Mourning the loss of someone dear is painstaking work. The process can be marked by long days and nights of confusion and heartache, and the questions that bubble up repeatedly without warning sometimes drive us to near madness. But I’ve learned that there is purpose to this chaos we call grief.
I’ve long spoken about creating a “new normal” out of the pain of grief that only comes with hard work. That work means facing the pain and loneliness that vies for our attention and finding healthy and meaningful ways to move through it toward life. It means allowing ourselves to ask hard questions about the purpose of life and death, eventually acknowledging the fact that there may never be acceptable answers.
Grief work requires us to remember our loved one, both in solitude and in community, with simple thoughtfulness or meaningful ceremony, and to accept support offered by family and friends. Many times seeking support means we must do the asking, a task not easy to master for those of us who are caregivers by nature.
Doing the hard work of grief means treating ourselves with gentle care when we feel lost, angry, sad or numb. It means allowing our days to unfold in all their darkness and pain, and rolling with the tides of hope, believing that our hearts will eventually heal.
This grief work requires a readjustment of thought, belief and even movement in space. Our loved ones no longer walk with us on this physical plane and sometimes that creates a very real open space — a gaping hole if you will — that causes a need for our physical beings to shift and adjust.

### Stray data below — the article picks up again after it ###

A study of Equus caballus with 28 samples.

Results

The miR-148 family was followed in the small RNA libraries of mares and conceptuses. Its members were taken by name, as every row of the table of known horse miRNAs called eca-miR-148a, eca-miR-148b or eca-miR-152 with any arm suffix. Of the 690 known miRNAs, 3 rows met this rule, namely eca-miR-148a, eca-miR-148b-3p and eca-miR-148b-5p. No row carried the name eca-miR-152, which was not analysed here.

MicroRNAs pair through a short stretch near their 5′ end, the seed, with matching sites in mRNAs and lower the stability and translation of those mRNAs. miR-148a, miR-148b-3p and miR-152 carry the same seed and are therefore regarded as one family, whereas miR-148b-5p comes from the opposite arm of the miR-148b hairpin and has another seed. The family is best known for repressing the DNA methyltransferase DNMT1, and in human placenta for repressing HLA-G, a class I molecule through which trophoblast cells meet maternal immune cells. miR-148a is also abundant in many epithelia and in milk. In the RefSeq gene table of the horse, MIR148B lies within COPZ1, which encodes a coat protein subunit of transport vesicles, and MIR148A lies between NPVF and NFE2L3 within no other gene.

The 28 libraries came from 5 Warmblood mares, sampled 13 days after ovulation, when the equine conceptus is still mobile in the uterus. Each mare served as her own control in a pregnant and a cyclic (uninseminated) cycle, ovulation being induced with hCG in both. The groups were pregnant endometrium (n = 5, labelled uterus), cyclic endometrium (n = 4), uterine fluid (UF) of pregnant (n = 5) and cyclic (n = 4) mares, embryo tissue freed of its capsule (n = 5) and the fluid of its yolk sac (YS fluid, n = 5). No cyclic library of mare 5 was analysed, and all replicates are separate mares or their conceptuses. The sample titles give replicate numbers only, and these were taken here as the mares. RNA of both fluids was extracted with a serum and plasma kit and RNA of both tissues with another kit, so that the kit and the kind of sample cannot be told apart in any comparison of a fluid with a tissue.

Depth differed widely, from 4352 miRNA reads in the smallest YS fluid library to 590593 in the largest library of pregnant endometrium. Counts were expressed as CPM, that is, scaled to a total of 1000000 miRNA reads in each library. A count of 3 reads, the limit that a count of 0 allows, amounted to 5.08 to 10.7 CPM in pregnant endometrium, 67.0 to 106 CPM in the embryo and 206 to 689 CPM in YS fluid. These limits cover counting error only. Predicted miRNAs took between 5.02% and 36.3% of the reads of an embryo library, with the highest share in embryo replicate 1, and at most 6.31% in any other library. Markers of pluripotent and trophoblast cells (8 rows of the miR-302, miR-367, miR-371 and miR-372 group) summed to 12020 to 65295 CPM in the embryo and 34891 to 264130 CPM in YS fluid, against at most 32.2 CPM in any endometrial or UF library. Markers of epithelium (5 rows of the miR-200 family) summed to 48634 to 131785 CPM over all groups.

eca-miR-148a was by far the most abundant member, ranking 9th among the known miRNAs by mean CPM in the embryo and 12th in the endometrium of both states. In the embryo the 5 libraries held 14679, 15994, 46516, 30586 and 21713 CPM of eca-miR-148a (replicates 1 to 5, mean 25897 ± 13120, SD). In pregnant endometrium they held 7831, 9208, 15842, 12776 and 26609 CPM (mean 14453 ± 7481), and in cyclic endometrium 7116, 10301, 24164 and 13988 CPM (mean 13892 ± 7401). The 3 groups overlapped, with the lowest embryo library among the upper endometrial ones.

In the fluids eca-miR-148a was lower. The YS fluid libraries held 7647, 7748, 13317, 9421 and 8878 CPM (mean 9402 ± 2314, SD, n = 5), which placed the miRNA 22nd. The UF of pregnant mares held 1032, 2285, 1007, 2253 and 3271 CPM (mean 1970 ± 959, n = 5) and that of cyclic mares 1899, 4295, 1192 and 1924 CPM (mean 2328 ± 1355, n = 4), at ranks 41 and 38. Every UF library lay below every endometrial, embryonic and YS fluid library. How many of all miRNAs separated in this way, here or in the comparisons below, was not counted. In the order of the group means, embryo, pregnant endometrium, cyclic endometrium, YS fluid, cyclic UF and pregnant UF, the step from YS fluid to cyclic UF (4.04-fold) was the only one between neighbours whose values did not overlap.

All of this work, over a span only we can personally determine, brings us to a time when our hearts are ready to begin the climb back up into life. It will not be the same life — it simply can’t be. But with perseverance and trust in the process we will create a new life that will suit our needs as we hold our dear one’s memory in our hearts.
The first few years following my husband Trent’s death I felt small and lost in my life without him. I just was not comfortable in my own skin. Though I tried to focus all my attention on my new roll as single mom, my personal grief over Trent’s death regularly waylaid me and I found I couldn’t ignore it. Many a night I lay weeping silently for all that was lost as my two young daughters slept peacefully nearby.
But as I look back on those days, I see now that many times I did allow my tears (and anger, sadness or loneliness) to come forth unheeded and cleanse me of my sorrow. And slowly, and very gently, I began to rediscover myself in light of Trent’s love.
I discovered I was much stronger than I had ever considered and found that I could carry on. In times of need I persevered in creating a network of reliable Christian men and women to help me on my journey — those that would assist me with car maintenance, babysitting, friendship and more. I began to realize that my anger had a purpose and expressing it in healthy, productive ways released much of the darkness that was the bane of my grief.
Though it took me years of “trying on” new ways to live, I learned something important from every experience, including the choices I could make, even by myself, to create a good life for my two daughters and myself. Discovering myself meant taking all that was Trent and I, sifting through it and discarding what didn’t work any more. Though very painful at times, I have discovered — and continue to discover — the beauty of life and my evolving place in it.
The natural evolution of authentic grief work eventually leads us to exploration and self-discovery that will honor our deceased loved ones and bring new life. Out of the ashes, we can rise again.